Tue, 12th Sep 2017
FYI, this story is more than a year old

Last night Check Point, RMIT University and the Academic College of Tel Aviv-Yafoo (MTA) played host to a simulated cybersecurity event to help develop skills and experience of future leaders in the field.

The challenge brought together students from IT, software engineering, computer science and business faculties to compete and collaborate on a series of cybersecurity scenarios that tested their knowledge in the field.

“This Cyber Security Challenge will see Melbourne students share and develop ideas with Tel Aviv' s next generation of cyber innovators,” said Philip Dalidakis, Victorian Minister for Small Business, Innovation and Trade, prior to the event.

According to the partners, Israel is a global leader in cybersecurity innovation and Victoria is fast becoming a ‘cyber hub' for Asia Pacific.

The partnership between Check Point, RMIT and MTA is being cited as valuable to the region.

At the event, students also gained insight into global cyber engagement, networking, enhanced global mobility knowledge, increased employability and transferable skill development across continents.

By connecting our students with some of the world's top innovation ecosystems, we are ensuring that we stay ahead of the game and produce world-class cyber graduates.”

In May 2017, RMIT students participated in the Cyber Security Challenge Australia, Australia's only national hacking competition. Three of RMIT's finished in the top 15.

“We had to capture hidden ‘flags' for different categories of challenges, ranging from network penetration testing, web application penetration testing, to forensics and reverse engineering, with each flag being simply a hidden word or phrase that is revealed when you successfully exploit a vulnerability in a system,” commented Bachelor of Computer Science student Jacqueline Shadforth.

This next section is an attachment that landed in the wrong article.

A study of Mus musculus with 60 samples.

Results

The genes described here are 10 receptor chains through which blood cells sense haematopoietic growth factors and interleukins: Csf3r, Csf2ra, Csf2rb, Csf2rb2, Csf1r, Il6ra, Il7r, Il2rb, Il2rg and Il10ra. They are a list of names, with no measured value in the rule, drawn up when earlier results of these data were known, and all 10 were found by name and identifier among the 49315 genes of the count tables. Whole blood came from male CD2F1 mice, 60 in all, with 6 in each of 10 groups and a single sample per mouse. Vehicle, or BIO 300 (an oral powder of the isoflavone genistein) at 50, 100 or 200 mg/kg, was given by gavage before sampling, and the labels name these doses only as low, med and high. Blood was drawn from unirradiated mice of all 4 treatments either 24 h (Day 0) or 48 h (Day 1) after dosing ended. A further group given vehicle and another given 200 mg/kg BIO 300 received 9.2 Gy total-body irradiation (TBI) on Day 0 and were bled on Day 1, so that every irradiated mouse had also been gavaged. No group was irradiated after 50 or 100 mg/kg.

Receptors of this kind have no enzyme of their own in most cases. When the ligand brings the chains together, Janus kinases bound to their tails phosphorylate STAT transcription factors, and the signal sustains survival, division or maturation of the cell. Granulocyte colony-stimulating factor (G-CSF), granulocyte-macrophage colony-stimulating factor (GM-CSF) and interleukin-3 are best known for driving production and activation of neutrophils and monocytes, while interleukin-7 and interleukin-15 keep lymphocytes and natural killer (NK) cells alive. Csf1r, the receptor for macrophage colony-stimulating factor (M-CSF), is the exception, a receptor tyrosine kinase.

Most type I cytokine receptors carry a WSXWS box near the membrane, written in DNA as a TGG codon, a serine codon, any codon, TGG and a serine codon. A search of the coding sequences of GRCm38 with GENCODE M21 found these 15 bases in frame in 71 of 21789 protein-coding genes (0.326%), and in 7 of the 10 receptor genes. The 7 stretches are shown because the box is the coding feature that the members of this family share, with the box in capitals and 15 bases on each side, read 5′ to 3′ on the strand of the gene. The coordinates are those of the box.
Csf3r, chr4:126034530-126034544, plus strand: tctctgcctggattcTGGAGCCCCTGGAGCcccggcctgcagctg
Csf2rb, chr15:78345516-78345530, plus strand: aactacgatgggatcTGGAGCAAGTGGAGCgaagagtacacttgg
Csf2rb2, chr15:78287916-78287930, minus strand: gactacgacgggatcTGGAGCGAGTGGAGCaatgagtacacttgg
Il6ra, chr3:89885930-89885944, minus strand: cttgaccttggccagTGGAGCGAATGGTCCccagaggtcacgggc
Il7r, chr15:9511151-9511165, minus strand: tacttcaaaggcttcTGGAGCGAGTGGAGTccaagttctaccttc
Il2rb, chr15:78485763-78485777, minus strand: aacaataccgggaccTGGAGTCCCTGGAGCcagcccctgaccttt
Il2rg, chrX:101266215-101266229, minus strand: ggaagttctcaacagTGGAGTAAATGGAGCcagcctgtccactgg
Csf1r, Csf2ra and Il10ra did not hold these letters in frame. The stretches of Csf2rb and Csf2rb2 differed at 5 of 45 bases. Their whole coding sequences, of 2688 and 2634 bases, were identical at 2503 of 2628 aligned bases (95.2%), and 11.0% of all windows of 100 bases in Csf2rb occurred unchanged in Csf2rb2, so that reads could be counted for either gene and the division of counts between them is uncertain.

The Cyber Security Challenge Australia is now a priority for RMIT's information security office, says senior manager Rick Wittman.

“In addition to coaching, we provided the venue, computers, screens, open internet access, and plenty of food and drink over the 24-hour period.

“The objective is to bridge the gap between ITS and the students, to uplift RMIT's capability in cyber security education, and to give students expert coaching in how to succeed in cyber challenges, both from our staff and business partners, who are some of the most highly regarded professionals in the cyber security field in Australia,” he explains.

Pip Wyrdeman from the Department of Prime Minister and Cabinet says she hopes that students learn new skills and develop their talent so that Australia can be better equipped to prevent future cyber attacks.

“This year's Challenge has taken what was already Australia's largest cyber security competition and made it better,” Wyrdeman said at the time.

“I know our sponsors see the opportunity to find their next cyber security hires in the competing teams and I look forward to learning of those who land their first roles due to their involvement in the Challenge."